SUBJECT: Memorial University nursing graduates perform well on new licensing exam

DATE: Sept. 11

Results of an American licensing examination introduced in 2015 for new graduates of nursing schools across Canada have been released.

The outcomes of the National Council Licensure Examination (NCLEX) show that graduates of Memorial University’s School of Nursing had a higher rate of success than the American average. American students have been writing the exam for the last 30 years.

“This certainly speaks to the quality of our graduates and their preparation, particularly because this is the first time that Canadian students have written the NCLEX licensing exam,” said Dr. Alice Gaudine, dean, School of Nursing, Memorial University.

The NCLEX exam was introduced in Canada in 2015, replacing the Canadian Registered Nurses Examination (CRNE) for entry-to-practice. The online NCLEX examination has been administered by the U.S. National Council of State Boards of Nursing for many years in the United States.

“Moving to a new examination that is computer-based and developed by an American body is very challenging. We are proud of our students for performing so well under these circumstances,” said Dr. Gaudine.

While the decision to replace the CRNE was announced in late 2011 by Canadian regulators in all provinces except Quebec, its implementation has been controversial. The Canadian Association of Schools of Nursing, many nursing educators and other nursing organizations across the country are in disagreement with this decision.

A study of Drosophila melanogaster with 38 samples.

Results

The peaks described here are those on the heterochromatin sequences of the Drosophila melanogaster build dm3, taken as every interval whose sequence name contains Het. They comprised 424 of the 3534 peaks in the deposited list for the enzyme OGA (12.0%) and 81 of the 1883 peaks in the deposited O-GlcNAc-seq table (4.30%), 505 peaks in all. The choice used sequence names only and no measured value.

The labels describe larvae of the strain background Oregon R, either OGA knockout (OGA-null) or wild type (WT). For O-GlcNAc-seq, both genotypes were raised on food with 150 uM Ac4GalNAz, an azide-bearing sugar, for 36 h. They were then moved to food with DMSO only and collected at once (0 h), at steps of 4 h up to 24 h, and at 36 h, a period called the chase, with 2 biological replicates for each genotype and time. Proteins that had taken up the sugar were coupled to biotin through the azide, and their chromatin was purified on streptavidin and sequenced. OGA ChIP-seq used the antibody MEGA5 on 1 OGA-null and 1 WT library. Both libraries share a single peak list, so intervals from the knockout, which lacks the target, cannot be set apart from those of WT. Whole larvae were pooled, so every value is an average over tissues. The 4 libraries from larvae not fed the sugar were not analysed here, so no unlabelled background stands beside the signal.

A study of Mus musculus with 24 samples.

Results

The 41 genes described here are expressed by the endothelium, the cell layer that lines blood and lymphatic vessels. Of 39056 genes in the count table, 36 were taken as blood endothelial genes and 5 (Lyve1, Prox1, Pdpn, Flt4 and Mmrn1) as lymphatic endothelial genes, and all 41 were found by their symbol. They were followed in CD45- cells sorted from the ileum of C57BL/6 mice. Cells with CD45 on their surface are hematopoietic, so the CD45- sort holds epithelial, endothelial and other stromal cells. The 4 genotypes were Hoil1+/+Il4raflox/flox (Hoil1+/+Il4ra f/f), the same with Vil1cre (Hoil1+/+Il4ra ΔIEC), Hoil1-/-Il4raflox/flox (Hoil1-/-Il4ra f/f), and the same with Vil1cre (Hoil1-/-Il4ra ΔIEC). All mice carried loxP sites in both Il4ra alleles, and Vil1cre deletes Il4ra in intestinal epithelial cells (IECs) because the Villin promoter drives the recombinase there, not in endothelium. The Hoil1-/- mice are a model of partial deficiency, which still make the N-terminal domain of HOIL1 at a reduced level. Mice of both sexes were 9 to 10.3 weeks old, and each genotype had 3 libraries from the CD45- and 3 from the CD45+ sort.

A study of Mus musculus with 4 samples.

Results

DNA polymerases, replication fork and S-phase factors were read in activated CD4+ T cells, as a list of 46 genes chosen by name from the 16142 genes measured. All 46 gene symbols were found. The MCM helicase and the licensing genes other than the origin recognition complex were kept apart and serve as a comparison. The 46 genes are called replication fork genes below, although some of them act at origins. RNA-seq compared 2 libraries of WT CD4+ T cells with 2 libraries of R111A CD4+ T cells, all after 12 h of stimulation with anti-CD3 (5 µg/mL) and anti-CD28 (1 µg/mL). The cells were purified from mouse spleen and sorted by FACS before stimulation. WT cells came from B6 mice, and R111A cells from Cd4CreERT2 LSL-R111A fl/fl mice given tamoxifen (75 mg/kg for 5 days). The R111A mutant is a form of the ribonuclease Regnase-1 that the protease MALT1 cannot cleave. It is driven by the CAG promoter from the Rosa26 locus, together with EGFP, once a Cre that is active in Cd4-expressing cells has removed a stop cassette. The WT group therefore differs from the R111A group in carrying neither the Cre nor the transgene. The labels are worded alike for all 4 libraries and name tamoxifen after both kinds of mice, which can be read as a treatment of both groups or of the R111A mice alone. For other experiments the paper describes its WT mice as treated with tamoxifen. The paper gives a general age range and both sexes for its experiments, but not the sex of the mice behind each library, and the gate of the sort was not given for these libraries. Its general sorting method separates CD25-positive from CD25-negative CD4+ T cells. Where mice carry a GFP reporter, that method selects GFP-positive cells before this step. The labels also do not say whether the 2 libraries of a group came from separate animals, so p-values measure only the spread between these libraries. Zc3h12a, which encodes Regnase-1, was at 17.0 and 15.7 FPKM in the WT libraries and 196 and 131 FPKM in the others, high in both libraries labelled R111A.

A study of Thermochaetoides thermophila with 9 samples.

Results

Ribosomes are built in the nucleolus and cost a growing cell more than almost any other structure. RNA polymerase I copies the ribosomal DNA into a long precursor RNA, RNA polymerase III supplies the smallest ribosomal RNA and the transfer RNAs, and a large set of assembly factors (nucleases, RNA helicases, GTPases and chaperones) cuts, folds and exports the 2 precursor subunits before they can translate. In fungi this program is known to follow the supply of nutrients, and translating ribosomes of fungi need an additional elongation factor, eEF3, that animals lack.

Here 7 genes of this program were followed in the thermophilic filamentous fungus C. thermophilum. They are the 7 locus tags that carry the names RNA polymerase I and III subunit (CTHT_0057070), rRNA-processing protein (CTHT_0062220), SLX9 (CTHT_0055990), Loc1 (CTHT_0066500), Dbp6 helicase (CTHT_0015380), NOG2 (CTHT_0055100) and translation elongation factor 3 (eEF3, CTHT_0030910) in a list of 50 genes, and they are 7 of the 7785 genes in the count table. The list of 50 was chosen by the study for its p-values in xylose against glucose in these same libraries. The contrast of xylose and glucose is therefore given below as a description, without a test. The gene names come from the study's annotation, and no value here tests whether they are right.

“We commend Memorial University and its graduates on their outstanding results,” said Kirsten Woodend, president, Canadian Association of Schools of Nursing. “Unfortunately, not all Canadian schools have managed the same success. The new entry-to-practice exam was supposed to be adapted to Canadian requirements, what has happened instead is that Canadian schools are having to do their best to prepare their students to pass an American exam that fails to address the Canadian context.”

“We are hopeful that the Canadian regulators will change to a Canadian exam, based on Canadian standards, for entry-to-practice,” said Dr. Gaudine. “In the meantime, we believe in all of our graduates, and we will work with them and our provincial regulator until they have all passed the American exam.”

The American system of health care differs from the Canadian health care context. The NCLEX exam is based on American nursing requirements. New nursing graduates across Canada have struggled with the exam. Higher than previous failure rates has prompted Canadian nursing organizations such as the Ontario Nurses’ Association to ask that students be allowed to rewrite the exam, as is permitted in many states, and that they be granted temporary registration until they succeed with the exam.